Can You Have Tea Without Milk? Here’s When To Have Milk

Tea Facts /

The question of can you have tea without milk should mainly be based on which perspective you’re asking the question.

The question can be asked health-wise, taste-wise, or even look-wise. But here’s the quick answer, then we’ll look at why and when to add milk to your tea…

Can you have tea without milk? Generally speaking, you can have tea without milk, so the answer is yes. There is no hard and fast rule for culinary purposes, it’s all about pleasing your personal palette. Tea without milk is believed to offer a more natural, aromatic, earthy, and refreshing taste than tea with milk.

But what types of tea can you have without milk? Let’s take a look at some of the types…

What Types of teas can you have without milk?

Fruit, herb, or flower teas are tea varieties you would almost always serve without milk. Adding milk to these teas won’t make them taste better at all.

Apart from these, just about all tea varieties such as black, green, white, oolong, and any other Chinese tea taste as it should be when on its own – without any milk, sugar, honey, or any other sweeteners. 

Strangely, the tastiest tea you could probably have without milk (drunk by itself) is Darjeeling and High Grown Ceylon (Sri Lankan) Teas.

These teas are known as “self-drinking teas”. Meaning they don’t need any additions.

Adding milk, or even other sweeteners would almost certainly spoil the whole flavor and aroma profile of the tea.

This is because these teas are so delicate and finely balanced that they lose their properties and flavor profile the moment you add anything.

This is just my basic summary, for a more extensive list why not check out my article on 14 best teas to drink without milk.

Darjeeling and High Grown Ceylon Tea - without milk
Darjeeling and High Grown Ceylon Tea – without milk

What type of teas should you have with milk?

The Tarik (an Indian “pulled” tea). Tea Halia (Indian Ginger Tea), and black tea are classic teas you are recommended to have with milk for the most palatable taste – if you’re so inclined.

Some of these teas may taste pretty bad when you don’t add milk, especially the classical version of many types of Indian tea needs milk.

Check out my article on how to make tea with milk powder for more on these types of teas.

Also, remember teas such as masala chai actually need milk, and there’s no real option to not have it.

Assam and Kenyan CTCs are the tastiest teas recommended to have with milk because these types of tea take the milk very well without losing any of its flavors. 

This again is a general point of view, based on many tea consumer’s experiences, and for you, some other types of tea may offer a better taste with milk, whereas for other people it won’t and vice versa.

So if you feel the addition of the milk doesn’t give you the flavor you need in these types of tea, then don’t add milk.

And if you’re lactose intolerant, or allergic to milk, then obviously stay away from adding milk – even if they might be tastier with.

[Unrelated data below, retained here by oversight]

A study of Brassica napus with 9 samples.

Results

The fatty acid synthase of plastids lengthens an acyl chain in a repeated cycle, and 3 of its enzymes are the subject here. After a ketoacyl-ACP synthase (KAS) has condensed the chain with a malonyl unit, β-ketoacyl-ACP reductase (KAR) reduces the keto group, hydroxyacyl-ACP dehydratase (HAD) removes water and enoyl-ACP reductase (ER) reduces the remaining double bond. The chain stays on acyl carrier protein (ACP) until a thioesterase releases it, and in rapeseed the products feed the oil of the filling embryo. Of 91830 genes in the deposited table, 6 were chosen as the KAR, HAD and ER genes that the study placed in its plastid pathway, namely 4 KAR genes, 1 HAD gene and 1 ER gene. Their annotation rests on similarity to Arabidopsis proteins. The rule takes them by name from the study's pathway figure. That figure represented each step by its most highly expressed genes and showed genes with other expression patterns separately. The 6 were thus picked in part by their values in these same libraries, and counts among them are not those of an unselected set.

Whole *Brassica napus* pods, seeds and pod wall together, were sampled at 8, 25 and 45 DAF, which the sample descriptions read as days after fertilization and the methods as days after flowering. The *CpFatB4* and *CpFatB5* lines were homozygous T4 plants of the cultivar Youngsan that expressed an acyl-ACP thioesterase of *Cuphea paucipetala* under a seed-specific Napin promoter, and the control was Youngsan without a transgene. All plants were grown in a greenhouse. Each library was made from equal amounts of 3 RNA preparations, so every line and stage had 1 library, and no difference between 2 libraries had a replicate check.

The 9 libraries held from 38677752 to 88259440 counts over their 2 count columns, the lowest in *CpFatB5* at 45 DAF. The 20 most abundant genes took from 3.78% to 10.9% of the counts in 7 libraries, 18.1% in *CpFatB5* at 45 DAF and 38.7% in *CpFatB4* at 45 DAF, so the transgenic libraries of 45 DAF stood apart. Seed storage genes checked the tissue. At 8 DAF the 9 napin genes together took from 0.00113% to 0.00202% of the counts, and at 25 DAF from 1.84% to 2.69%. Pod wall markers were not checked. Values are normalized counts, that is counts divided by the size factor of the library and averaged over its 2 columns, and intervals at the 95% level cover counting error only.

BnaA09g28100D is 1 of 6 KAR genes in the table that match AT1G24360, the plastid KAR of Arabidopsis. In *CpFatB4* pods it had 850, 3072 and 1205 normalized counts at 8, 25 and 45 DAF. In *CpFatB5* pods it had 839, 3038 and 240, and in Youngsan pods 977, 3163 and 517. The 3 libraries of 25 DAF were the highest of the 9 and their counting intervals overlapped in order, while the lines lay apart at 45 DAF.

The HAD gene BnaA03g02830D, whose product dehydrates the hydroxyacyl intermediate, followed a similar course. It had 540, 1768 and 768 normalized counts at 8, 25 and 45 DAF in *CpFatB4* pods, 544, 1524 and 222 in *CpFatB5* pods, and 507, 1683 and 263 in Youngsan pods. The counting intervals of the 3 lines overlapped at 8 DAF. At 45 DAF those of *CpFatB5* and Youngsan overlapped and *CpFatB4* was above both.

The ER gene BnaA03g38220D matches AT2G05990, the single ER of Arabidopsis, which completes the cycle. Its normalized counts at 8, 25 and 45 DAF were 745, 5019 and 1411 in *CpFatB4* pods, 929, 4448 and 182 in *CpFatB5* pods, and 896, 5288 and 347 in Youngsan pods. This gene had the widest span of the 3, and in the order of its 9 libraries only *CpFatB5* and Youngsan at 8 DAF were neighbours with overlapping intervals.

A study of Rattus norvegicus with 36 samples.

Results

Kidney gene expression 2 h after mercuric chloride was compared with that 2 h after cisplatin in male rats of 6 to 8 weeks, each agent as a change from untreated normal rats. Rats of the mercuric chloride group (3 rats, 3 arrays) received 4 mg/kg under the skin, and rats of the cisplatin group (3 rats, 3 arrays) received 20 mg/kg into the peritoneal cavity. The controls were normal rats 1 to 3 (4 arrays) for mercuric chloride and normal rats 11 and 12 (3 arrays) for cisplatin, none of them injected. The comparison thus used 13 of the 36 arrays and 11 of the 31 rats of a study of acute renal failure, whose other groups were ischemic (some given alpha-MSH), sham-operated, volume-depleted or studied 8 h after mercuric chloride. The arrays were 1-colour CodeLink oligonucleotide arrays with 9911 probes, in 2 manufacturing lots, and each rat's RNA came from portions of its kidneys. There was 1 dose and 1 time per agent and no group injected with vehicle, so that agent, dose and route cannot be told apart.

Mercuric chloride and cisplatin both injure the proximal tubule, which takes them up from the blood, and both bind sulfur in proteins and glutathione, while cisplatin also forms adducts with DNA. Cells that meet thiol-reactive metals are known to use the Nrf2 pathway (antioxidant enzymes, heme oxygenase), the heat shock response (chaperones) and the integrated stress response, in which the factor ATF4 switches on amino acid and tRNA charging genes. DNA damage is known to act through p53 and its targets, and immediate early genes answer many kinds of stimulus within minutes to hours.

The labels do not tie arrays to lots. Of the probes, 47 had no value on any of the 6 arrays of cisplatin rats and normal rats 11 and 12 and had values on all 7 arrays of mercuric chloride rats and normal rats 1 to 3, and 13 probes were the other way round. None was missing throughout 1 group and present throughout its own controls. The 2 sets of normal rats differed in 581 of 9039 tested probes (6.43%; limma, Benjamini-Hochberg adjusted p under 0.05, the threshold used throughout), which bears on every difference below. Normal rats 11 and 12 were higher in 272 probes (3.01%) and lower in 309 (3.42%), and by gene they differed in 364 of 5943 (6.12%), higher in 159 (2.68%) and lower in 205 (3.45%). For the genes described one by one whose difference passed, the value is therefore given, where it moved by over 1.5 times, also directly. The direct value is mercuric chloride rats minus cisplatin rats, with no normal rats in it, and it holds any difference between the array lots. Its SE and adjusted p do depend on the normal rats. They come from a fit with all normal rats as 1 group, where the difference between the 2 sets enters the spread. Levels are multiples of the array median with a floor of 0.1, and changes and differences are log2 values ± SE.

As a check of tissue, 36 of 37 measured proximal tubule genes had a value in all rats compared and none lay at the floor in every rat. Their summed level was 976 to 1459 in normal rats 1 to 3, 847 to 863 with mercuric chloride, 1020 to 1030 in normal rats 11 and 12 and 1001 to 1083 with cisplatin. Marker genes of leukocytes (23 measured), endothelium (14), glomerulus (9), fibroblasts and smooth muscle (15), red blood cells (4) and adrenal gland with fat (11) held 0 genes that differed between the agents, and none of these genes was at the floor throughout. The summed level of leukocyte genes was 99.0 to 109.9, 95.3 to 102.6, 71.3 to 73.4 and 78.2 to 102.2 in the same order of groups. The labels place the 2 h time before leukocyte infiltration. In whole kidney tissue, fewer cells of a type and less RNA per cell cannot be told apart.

Without milk – loose leaf tea vs tea bags

Many store-bought teabags are based on the fannings (or even dust) of tea. Often, they’re heavily processed, and certainly, for black teas like breakfast tea (Assam) you would add milk and even a sweetener of some kind.

For loose leaf tea, because you’ve essentially moved up a few gears in taste profile, it would go against the grain to add milk. In fact, most loose leaf enthusiasts would likely shudder at the thought!

The whole idea of these teas is to taste them as they come – straight from the leaf to the cup with only some processing.

So loose leaf teas of almost all varieties should not have milk added – plus some others… loose-leaf teas like:

  • Darjeeling
  • Earl grey
  • Green tea
  • Oolong tea
  • White tea
  • Yellow tea
  • Pu’erh

For more information check out my article can you add milk to green tea.

Is tea without milk more healthy?

Tea in general has shown to be beneficial for the heart and the prevention of cancer. Tea is rich in anti-inflammatory properties, antioxidants, blood purifying agents, and elements that help you relax.

Research suggests that adding milk can alter and modify the positive biological activities of tea ingredients and destroy all its positive effects. 

Apart from this having tea with milk is more related to insomnia, pimples, constipation, bloating, and nutrient deficiencies.

So based on that, having tea without milk can be healthier for you.

Will tea without milk reduce calorie intake?

25 ml/1 oz. would be a typical serving size of milk in tea. If whole milk, this is 15 Cal, 0.8 grams protein, and 0.8 grams of fat.

So if you’re worried about whether you can have tea without milk to reduce calories, then even having 8 cups of tea with milk means you won’t add up many calories/fat load.

So if you want to feel a fuller tummy and want to have tea with milk, there is no harm doing so.

But of course, this is based on keeping the quantity of milk as an average and the same type of milk and its calorie content.

If you like milky tea with a lot of milk and cream, then a few cups of tea with milk daily may be a good calorie intake.

Therefore the antithesis to this is that you should have tea without milk if you are looking to reduce your calorie intake.

To close

I hope this has provided some insight into the subject of having tea without milk, which ones and when.

If you’re having milk, then it’s ost likely store-purchased tea bags. Perhaps it’s time to ditch the tea bags, and begin enjoying tea in a more refined and premium way!